In the early 1980s, California, US-based engineer at Intel Vinod Dham rose to fame as the "Father of the Pentium Chip " for his contribution to the development of the Pentium Processor. After starting a series of new ventures, he is now making a comeback to entrepreneurship and this time, into education. Early this year, Dham started up online education venture Acadgild along with entrepreneur duo Krishnan Ganesh and Meena Ganesh. The duo had earlier founded another online education venture Tutor Vista, which was sold to Pearson for $127 million in 2011. Prior to Acadgild, which to begin with will offer courses in software development, Dham in the late 1990s had started a VOIP chip venture called Silicon Spice that was sold to Broadcomm for $1.2 billion.
So, at 60, what gives Vinod Dham, a technology veteran the energy to start up again and that, too, in the unrelated area of education? Dham says, "Probably my passion and my impatience, not to sit back and relax and the need to be doing something. This is to be the last innings of my life and you see this can keep me busy till the end."
The real motivation to come back to education has much deeper roots in his inherent passion to leverage technology and internet connectivity to make quality education reach a bigger mass of people than it reaches currently. "Most of us Indians owe all of our success to education. There is no doubt about that. We were born in the post-Independence era and we were educated in a very poor India by refugee parents who literally came back with a shirt on their back and sold their jewellery to send us to school. This was the value system we have. So then, when you reach success, you look back and ask yourself what made you successful. It is the family and the education system. I want to come back and encourage that. That's the fundamental reason why I am back to education. There has been an inherent passion about it," he says.
Dham hails from Rajouri Garden (West Delhi) and before he went to Delhi College of Engineering, his father put him in a village school in a place called Basai Darapur, in Ramesh Nagar. Before that he was in Pune in a very average school. "I really didn't get educated in a very modern school and even then I have been able to make it that far. This is because of the belief I have. It's not just about the school you go to. It's what you do with what you learn. Those are things that have brought me back to education in the last innings of my life. I thought I should dedicate it to something as meaningful," he says.
What will Acadgild do? Rather than depending only on videos as most online courses do, Acadgild will provide live mentoring and hands-on engagement for building real applications for its students. It will be preparing students for job-ready skills in an effective way for employers to evaluate prospective candidates. So far, Acadgild is mostly focussed on software programming courses and as per the website, some of the courses currently being offered are Android, big data and hadoop administration, Java among others.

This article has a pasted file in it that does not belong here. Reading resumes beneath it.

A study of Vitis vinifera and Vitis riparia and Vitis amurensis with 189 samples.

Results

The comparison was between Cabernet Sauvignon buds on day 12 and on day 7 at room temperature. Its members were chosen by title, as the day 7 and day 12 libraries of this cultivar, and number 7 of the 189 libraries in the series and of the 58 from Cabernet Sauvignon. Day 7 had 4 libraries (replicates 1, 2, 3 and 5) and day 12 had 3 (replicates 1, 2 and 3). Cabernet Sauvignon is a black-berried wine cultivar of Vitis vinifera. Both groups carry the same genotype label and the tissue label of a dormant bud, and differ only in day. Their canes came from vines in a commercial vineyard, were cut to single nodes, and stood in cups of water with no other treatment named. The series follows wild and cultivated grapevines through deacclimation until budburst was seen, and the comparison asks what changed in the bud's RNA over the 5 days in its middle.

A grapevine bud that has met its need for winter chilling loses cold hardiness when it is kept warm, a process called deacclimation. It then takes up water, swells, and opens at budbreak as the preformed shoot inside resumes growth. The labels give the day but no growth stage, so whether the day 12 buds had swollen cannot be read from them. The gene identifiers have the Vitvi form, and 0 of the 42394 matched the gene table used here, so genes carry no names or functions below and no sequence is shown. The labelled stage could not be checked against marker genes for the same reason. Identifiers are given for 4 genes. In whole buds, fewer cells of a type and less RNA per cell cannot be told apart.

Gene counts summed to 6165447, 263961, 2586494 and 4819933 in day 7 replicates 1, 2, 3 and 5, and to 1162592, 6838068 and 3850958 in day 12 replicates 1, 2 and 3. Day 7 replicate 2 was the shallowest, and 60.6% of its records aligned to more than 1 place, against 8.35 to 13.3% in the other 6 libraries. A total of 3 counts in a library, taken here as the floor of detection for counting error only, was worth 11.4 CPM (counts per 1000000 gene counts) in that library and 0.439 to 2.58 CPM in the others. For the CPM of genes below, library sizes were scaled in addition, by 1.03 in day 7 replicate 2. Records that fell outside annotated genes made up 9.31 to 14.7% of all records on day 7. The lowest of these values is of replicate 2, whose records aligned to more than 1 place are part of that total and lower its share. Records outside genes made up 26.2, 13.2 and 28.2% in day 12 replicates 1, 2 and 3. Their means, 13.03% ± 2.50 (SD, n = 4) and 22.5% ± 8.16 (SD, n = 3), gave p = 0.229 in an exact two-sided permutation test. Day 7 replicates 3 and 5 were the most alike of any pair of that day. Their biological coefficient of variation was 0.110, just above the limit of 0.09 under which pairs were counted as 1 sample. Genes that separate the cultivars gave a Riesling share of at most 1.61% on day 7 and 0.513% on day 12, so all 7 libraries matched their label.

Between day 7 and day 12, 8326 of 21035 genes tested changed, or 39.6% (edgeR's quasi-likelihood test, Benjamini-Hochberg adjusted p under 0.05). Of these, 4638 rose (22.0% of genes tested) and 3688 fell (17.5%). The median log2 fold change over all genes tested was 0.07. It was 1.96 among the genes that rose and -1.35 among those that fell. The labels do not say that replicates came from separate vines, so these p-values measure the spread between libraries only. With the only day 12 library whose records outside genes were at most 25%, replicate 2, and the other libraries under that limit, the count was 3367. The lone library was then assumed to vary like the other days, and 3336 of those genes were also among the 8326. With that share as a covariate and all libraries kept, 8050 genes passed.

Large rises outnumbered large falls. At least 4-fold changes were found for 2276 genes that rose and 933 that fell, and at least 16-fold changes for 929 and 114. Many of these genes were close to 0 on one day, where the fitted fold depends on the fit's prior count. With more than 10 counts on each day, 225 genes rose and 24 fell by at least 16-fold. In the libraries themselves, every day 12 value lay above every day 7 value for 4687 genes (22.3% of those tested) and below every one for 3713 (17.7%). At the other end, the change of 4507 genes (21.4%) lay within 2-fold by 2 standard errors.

Apart from oft-cited reasons like increasing internet penetration and savvy-ness of people towards internet-based services, Dham has other reasons to believe that this is the right time to launch a venture in online education. "A lot of universities and colleges are not doing a good job and quality of education is not good. Online education will solve lot of those problems. For example, you can bring in teachers from the industry to teach, not necessarily people who are fulltime academics. I don't know how it is but I know for a fact that lot of people got into education because they were into real estate and they were making money and were funnelling their money into education so as not to pay taxes. That's not the way education should be done. Online education can cater to a much bigger number of people at much lesser cost. We don't need Cambridge-like infrastructure because to my mind, that doesn't matter. In the US where I live, every now and then there is a thing like our kids are not getting good education because the schools are old. I tell them, look the school I went to at Basai Darapur, there was no school. How did I study? We were busy studying, playing, interacting with other kids, we cared little about the walls around our school."
Is he relocating back to India for this venture which is going to be based out of Bangalore? "No, I'm not. My family is based out of there. My kids were born there and they are getting married there. So that will continue to be my home," he says. He has his passions still brimming for home country India. "This is my first home and I always keep this bridge no matter what I do."
Vinod Dham is also the founder of venture fund IndoUS Venture Partners in India back in 2006. What does he think of how venture capital has shaped start-ups in India so far? "From 2005 till 2008-09, it wasn't clear where things are heading, a lot of start-ups were getting funded by IUVP and others as well, some getting traction, some not. In the last four-five it has taken a life of its own where it is seeing a completely new crop of entrepreneurs coming in, building businesses that are directed at solving specific issues on the consumer side of things. With companies further building could computing solutions and drone technologies, I think beyond the consumer-centric businesses we will see companies with intellectual property too," he says.